As our nation celebrates Veterans Day — honoring the brave service members who fought for the freedoms we all enjoy — I am especially grateful to those members of the VCU community who are veterans of our armed forces.
More than 400 students and nearly 200 faculty and staff are U.S. veterans and active-duty soldiers, working and studying in disciplines and programs across the university. These women and men add much to the rich diversity and legacy of excellence that is fundamental at VCU. We thank them for their service, and for all that they contribute to VCU.
At VCU, we are committed to serving our veteran and active-duty students as well as the commitment they have in serving us. Our Office of Military Student Services, under the leadership of Stephen Ross and his team, provides special programs and services to help and support students as they transition from military to college life. And many of our faculty and staff have received Green Zone training to help them advocate for and work closely with these students and their needs.
We will continue to be deliberate in our efforts to recruit and educate veterans and active-duty students and to offer them an unparalleled educational experience, as we do with every VCU student. We will also remain committed to recruiting and hiring veterans who bring mission focus and dedication as employees; to conducting research that will enhance the lives of service members, such as David Cifu’s remarkable work on traumatic brain injuries in military personnel and our close collaborations on logistics and supply chain management with VCU’s School of Business and Fort Lee; and to being national leaders in caring for our nation’s veterans, including our great practice partnership with the McGuire VA Medical Center.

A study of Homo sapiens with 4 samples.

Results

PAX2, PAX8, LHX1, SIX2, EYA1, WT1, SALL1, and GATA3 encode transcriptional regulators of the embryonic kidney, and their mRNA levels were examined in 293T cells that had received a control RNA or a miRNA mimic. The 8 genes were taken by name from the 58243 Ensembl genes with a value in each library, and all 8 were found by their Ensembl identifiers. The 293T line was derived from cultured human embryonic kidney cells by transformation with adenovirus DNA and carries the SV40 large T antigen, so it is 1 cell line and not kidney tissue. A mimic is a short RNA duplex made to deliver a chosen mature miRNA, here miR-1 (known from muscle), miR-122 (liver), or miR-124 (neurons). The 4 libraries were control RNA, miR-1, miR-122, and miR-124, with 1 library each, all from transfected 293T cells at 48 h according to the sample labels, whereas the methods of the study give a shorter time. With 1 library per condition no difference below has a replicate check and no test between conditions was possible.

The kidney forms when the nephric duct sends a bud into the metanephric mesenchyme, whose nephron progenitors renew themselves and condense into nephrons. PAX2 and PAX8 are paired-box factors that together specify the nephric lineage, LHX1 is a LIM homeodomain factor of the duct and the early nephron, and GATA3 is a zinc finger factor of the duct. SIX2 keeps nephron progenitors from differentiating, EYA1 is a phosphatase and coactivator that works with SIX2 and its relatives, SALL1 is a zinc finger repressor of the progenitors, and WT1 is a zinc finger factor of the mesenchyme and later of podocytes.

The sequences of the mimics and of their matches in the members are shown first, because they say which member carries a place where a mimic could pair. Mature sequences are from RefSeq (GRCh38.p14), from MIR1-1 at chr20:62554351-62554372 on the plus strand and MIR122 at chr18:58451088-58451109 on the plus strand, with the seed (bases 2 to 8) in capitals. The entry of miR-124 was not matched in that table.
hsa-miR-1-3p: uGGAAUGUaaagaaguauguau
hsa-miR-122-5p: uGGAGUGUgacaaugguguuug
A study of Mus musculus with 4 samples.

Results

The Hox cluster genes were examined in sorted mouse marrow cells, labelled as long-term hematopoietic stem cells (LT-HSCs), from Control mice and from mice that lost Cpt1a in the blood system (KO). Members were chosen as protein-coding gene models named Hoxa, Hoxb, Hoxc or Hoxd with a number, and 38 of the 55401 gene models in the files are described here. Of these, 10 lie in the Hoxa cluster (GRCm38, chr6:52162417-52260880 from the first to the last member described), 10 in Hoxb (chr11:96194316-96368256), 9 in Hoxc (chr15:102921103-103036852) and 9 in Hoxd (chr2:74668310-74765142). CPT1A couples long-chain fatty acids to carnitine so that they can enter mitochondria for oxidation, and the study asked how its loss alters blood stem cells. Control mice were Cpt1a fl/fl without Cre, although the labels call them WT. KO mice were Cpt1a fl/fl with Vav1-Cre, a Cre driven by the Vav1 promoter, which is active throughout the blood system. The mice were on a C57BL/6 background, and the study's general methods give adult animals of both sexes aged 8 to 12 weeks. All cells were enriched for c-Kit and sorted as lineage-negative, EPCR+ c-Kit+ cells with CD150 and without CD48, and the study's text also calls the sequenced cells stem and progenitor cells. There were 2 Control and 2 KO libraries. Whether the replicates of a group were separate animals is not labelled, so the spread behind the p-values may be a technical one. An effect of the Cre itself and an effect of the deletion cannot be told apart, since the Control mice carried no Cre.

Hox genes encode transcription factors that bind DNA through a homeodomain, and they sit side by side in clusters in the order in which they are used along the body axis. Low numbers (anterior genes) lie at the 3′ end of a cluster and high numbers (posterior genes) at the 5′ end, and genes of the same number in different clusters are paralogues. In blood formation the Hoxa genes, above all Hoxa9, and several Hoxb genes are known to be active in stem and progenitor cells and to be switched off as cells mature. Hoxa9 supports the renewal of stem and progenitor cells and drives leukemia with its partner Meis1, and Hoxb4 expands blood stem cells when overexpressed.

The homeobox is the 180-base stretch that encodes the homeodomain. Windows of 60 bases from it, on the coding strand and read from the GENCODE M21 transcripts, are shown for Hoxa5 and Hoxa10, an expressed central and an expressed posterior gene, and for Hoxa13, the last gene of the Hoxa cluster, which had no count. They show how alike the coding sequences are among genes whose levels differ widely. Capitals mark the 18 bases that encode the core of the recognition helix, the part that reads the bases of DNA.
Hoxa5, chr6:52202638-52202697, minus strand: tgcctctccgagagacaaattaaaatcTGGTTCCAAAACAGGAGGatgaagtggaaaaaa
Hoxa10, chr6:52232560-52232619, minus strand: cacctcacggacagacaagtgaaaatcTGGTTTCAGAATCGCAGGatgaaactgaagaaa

It is no wonder that VCU was recently named among the nation’s top 100 universities for veterans.
Like so many of our people, our university itself has been shaped by military service. During the Civil War, the Medical College of Virginia — the precursor to VCU’s School of Medicine — played a primary role in educating military surgeons and caring for sick and injured soldiers. It was the only medical school in the South to remain open and graduate a class of physicians every year during the war.
During World War I, medical personnel comprising Base Hospital 45 in France were trained at MCV. They cared for more than 17,000 casualties, and saved the lives of 98 percent, making theirs one of the most successful military hospitals of the war.
In the conflicts that followed, and in the peacetime they afforded, VCU has continued to be at the forefront of supporting our service members in myriad ways — and it is our commitment that we will continue to do so.
On this Veterans Day, I am grateful to all of our veterans and their families. And I especially am proud of our university’s commitment to serve those who served us.